Jeffrey Chester has done a lot of work to help ensure that the voices of the many are heard on the web and that it remains a tool to enable, not to control people. So, when he mentions us, we take notice.
He recently wrote an eye-opening piece on the Google-YouTube deal that reminds us to pay attention to the business of internet–and keep in mind who contributes to and benefits from powerful forms of interactive media. He is concerned that, "the U.S. broadband infrastructure may well become one giant "brandwashing" machine." He refers to Oddcast as a "a new medium for marketing to get inside consumers’ heads."
Well, as consumers ourselves, "brandwashing" just makes us feel uncomfortable. We don’t know invading heads too much either. Seems very, well… invasive. Jeffrey added, "The most powerful communications system ever developed by humans is
increasingly being put in the service of selling, commercialization and
commodification." This perspective made us think a lot about the way marketing and advertising is trending on the web.
First, is the extent of the commercialization of this medium really accurate? There is certainly more commercial activity on the web than ever before, but as a percentage of advertising spend, it is still less than 5%. Taking into consideration the growing number of hours Americans are spending online, and the decline in newspaper circulation and television viewing, it still seems to be the least commercialized medium we have.
There are a few reasons for that. First off, the cost of participating and contributing to the medium has plummeted. There is more non-commercial content available on the web than any other medium by far. Inexpensive technology will enable that to continue and grow. The growth of blogs, Wikipedia, Mozilla, and even Craiglist are testaments to idea that powerful forces on the web can come from individuals or groups who are not necessarily economically motivated. In addition, the costs of switching are non-existent. With a few clicks, a user can very easily change which source they get their news from, or compare sources side by side, and then get commentary by people they know and trust.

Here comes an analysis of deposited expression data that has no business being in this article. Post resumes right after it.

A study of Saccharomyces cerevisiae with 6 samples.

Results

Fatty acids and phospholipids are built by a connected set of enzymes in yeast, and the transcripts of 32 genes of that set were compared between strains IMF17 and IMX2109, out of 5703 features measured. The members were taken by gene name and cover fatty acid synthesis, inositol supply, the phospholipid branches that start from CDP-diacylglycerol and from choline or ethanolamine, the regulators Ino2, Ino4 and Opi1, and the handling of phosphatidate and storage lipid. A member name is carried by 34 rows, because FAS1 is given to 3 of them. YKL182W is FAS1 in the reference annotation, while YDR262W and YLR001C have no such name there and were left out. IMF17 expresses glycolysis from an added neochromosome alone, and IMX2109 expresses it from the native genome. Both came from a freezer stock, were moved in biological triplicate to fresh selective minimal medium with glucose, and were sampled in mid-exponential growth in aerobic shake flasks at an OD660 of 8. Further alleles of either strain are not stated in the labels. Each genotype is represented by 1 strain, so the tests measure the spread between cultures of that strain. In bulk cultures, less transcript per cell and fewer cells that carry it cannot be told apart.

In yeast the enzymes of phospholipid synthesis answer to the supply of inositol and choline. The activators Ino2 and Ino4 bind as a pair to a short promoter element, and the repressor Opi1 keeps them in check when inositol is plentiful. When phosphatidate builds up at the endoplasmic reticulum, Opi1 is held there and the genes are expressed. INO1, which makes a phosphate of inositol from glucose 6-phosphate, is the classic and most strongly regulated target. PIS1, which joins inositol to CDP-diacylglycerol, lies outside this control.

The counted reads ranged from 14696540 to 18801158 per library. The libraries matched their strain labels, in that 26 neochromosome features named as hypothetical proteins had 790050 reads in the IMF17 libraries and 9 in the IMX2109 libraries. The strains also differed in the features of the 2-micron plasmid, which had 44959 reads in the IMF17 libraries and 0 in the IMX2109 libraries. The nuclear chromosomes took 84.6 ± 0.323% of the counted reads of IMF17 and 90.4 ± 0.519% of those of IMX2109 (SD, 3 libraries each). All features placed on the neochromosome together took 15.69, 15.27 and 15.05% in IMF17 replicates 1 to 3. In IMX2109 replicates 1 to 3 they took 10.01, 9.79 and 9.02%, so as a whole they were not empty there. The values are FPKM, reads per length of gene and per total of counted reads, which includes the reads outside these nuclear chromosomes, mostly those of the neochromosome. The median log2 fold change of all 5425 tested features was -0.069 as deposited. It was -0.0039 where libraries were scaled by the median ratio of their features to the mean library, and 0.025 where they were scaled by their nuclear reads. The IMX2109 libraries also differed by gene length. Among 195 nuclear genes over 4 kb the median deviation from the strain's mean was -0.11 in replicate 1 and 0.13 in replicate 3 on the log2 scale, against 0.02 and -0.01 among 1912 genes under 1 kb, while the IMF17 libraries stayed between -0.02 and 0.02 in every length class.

So, when brands want to participate in this kind of medium, they have to change the way they behave. We agree with Jeffrey that it would be terrible if the internet goes the way of television–a limited number of broadcasted options without feedback mechanisms, all controlled by major media companies whose commercial agendas probably have priority. But, it is hard to see how that could happen, despite news like the recent Google-YouTube deal. Just as quickly as YouTube gained traction, particularly with youth, it could lose its luster. If they went the route of broadcasted, one-way, mindless advertising by companies that youth don’t identify with , users would pick up and move. User choice is king.
That’s why we feel comfortable with our position in the medium. By giving users the tools to opt-in to interacting with the elements of brands, Oddcast is increasingly making even the business and marketing aspects of the web user-controlled. Everyday, we fight the good fight with brands and agencies by encouraging them to loosen the reigns on their message, instead putting control of their message in the hands (and voices) of consumers.
Jeffrey also pointed to a future of the web where, "the interests of the self and the consumption of products are the primary, most visible, media messages." Another point we feel strongly about is that when users are empowered
on the web, brands are forced to care about the things that users care
about. Witness the 450,000+ MySpace friends of the JoinRed page, which is a campaign where brands agree to sell red products and donate proceeds to charity to fight world disease. Just as easily as the web can become a "brandwashing" mechanism, it can become an "causewashing", "carewashing", and "freedomwashing" platform as well.
At the end of the day, we know that media will generally be ad supported, but we think that the current trends on the web are to create more engaging, more social, and more transparent commercial interactions. Users simply have too much control, too much choice, too much input into the web now for this to start moving backwards. Either way, as Robert Young wrote, Google will clearly have the first and biggest opportunity to get this right in the video world now.